TOM ELLIOTT: Joining us on the line now, the Federal Drought Minister, David Littleproud. Minister good evening.
DAVID LITTLEPROUD: Good evening, good to be with you.
TOM ELLIOTT: Well, these are just a few examples of how drought relief money is being spent. Are they appropriate? Is that the right way for Federal Government funds to be spent by councils that are affected by drought?
DAVID LITTLEPROUD: Well, I think those who are questioning this don’t understand what drought does to communities. It doesn’t just hurt farmers, and we’re putting money into farmers’ pockets, but it also hurts the communities, the small businesses, ah, keeping money flowing through those communities. And you talk about a couple of festivals that were itemised there. The Way Out Winton Festival, a town of 800 people, that brought between five and ten-thousand people to that community, that is new money that is flowing through that economy. That is helping those people stimulate their economy, keeping people employed, in fact employing more people. You talk about the fact of a virtual gym, well you’ve clearly articulated that someone on the other end that is being employed to undertake that. This is about making sure we not just stimulate farmers with money through Farm Household Allowance, we stimulate local economies, because when farmers don’t have money, they don’t spend it in town. And as someone who has lived, and can speak with some authority, because I’ve lived in a town of 800 people and in fact have owned a small business, and know that when farmers don’t spend, your small business starts to hurt. This is a way of stimulating the local economy when we build, whether they be toilets or doing up the local showgrounds you use local tradespeople and what they do is they go to the local hardware store and they buy the local cement and the timber, and that money flows through that local economy.
TOM ELLIOTT: Okay but, I heard Scott Morrison being lectured to by Alan Jones on 2GB yesterday in Sydney and Alan Jones was almost getting apoplectic, he was thumping the table he said, you know, we’re doing it tough, we need water, we need money to keep stock alive on farms and that sort of thing. And I guess most of us would say well, if that’s what you need in drought, you know, instead we’re seeing money spent on music festivals.
DAVID LITTLEPROUD: Well with all due respect, this is why people from metropolitan Australia who think they know everything on drought don’t understand there are many parts to this. And this is where our drought strategy comes in. It’s in the here and now in keeping farmers, putting money in their pocket, up to $37,000 to help them pay for household expenses and about giving them concessional loans which can save them nearly $67,000 on the highest commercial rate, so they’ve got money in their pockets. It’s about community, making sure the community still survives through this. And it’s about the future so that’s where we’re building dams and a Future Drought Fund, so it’s a suite of measures that targets not just farmers, but the entire community. What you’ve also got to understand is when people say, ‘oh, we should be buying fodder’, there is an agreement that was unanimously supported by the state governments and the federal government that the responsibility of the state government is to look after animal welfare. Their responsibility is to look after freight and fodder. Our responsibility is to look after farmer welfare, that’s about making sure we look after them and their community and these communities, drought-stricken and economically depressed. And many of them, I can tell you my electorate in fact is three times the state of Victoria, is in drought and some of it eight years. We are seeing small businesses close, we are seeing families leave, so the stimulus about not only about trying to keep farmers going, but also those local businesses, is one that is responsible and is targeted. And what is disappoints me is the Labor party have come out and said we have been pork-barrelling. Well that’s disgraceful. Are you saying you’re a second-class citizen just because you so happen to live in a Coalition seat? That’s disgraceful, we should be above this. You got to understand this is a complex ….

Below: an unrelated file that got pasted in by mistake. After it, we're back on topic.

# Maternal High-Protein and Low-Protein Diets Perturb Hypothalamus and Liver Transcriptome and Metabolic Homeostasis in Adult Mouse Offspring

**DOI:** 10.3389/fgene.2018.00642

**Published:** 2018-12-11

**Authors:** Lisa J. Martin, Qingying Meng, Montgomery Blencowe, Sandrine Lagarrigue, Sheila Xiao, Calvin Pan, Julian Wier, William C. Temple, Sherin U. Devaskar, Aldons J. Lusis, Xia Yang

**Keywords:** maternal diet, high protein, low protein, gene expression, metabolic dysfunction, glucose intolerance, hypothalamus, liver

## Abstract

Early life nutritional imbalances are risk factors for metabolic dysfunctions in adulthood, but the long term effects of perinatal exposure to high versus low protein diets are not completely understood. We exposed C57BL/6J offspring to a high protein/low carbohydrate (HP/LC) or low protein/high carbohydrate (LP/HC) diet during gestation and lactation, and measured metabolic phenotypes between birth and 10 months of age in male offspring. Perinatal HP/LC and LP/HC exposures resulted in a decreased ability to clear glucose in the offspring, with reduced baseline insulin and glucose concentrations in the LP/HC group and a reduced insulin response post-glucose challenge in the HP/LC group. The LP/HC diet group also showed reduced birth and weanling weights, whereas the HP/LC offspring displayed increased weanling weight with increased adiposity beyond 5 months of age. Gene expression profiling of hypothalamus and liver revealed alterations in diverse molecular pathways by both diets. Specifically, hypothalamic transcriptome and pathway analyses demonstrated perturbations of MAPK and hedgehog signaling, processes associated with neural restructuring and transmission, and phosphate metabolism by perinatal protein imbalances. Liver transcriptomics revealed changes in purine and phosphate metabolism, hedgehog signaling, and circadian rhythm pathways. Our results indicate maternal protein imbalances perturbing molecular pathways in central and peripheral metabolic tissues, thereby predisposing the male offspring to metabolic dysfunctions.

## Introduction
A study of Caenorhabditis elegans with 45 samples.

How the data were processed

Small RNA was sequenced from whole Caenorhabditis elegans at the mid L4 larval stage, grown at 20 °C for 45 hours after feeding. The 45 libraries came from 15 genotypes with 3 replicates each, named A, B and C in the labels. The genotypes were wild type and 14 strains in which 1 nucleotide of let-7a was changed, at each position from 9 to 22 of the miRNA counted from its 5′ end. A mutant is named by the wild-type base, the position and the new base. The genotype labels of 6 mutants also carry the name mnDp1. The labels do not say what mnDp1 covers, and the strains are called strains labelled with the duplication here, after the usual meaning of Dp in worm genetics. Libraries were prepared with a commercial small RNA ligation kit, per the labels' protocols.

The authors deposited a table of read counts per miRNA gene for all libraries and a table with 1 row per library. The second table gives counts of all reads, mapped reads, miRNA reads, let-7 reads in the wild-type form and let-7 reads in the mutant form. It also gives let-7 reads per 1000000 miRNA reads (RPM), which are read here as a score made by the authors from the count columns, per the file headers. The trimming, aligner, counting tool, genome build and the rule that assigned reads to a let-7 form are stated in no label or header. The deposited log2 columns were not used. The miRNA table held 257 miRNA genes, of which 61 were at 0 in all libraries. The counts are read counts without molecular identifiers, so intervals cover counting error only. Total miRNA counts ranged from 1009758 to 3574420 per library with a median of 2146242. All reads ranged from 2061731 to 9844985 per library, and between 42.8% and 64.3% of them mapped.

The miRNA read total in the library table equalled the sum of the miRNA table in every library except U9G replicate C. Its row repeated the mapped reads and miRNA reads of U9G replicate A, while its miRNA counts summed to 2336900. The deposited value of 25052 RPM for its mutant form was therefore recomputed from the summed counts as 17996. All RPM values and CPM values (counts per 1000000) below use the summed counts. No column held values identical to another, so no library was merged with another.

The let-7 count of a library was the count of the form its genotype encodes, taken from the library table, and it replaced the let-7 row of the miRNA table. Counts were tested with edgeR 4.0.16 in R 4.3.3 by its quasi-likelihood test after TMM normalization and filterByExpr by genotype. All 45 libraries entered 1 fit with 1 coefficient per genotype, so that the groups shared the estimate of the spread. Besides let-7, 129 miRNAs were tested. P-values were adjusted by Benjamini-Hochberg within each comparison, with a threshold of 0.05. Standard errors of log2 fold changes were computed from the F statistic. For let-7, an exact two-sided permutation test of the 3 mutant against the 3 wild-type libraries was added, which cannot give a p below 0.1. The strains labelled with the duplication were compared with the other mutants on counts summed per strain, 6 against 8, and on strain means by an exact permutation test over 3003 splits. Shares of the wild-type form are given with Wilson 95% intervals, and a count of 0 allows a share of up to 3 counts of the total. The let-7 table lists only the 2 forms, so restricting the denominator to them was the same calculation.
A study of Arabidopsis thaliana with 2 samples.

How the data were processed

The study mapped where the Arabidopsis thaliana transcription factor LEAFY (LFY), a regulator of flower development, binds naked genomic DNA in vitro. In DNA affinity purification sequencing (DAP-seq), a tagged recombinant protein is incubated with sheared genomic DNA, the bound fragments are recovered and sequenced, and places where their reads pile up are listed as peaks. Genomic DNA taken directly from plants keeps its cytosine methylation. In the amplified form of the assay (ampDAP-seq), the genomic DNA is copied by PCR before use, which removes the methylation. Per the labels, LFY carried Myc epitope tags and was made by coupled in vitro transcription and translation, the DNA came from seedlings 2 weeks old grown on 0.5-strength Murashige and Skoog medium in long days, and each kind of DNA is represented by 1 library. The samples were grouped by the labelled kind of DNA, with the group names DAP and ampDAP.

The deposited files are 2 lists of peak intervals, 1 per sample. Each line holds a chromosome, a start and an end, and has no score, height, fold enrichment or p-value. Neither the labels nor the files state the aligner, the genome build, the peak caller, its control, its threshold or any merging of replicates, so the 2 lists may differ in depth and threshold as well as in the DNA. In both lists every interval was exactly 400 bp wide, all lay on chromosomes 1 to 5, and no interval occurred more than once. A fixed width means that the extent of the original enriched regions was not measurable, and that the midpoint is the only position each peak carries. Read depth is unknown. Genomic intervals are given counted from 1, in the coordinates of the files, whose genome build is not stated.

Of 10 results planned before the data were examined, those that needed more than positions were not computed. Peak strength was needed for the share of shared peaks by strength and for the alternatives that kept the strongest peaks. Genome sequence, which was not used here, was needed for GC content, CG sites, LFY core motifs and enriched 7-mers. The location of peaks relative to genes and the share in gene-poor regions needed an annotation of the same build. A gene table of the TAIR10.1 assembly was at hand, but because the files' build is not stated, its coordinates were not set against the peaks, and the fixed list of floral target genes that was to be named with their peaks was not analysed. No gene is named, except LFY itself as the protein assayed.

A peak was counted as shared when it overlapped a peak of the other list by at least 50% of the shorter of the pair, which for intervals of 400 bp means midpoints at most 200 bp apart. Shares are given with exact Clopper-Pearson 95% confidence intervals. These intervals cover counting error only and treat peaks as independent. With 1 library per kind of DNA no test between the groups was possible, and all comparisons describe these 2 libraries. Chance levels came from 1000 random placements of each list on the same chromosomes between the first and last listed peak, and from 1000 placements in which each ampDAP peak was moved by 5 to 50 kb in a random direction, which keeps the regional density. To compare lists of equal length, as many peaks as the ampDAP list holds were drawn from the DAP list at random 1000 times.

TOM ELLIOTT: [talks over] Yeah, I get all that but I mean you can be dismissive of people in the city. Just remember that most of the tax dollars come from people who live in urban Australia, so people are entitled to ask questions about this sort of thing. For example, I mean, I read here the previous guidelines for the Drought Community Programme said that you could not use grants for staging events or exhibiting a display or for filming and somehow that guideline’s been dropped so that music festivals are now being funded. And I suppose the thing with a music festival is you stage it and it’s great for a short period of time but it doesn’t create any lasting impact on the community, it’s a once a year thing.
DAVID LITTLEPROUD: Well, with respect, bringing five to ten thousand people to a little community of 800 and now that festival is continuing, it does build economic stimulus, it broadens its economic base continually. So, with respect, I don’t agree with you there and the reality is, it’s not just economic, you have to understand, this is also about the emotional wellbeing of these people. This brings community together and we’re spending nearly $30 million extra on mental health programmes, targeted programmes at a local level. This is in addition and this is about bringing community together and it’s about bringing them in one place where they share their trials and tribulations and it’s actually about their wellbeing.
TOM ELLIOTT: All right, thank you for your time. David Littleproud, Drought Minister.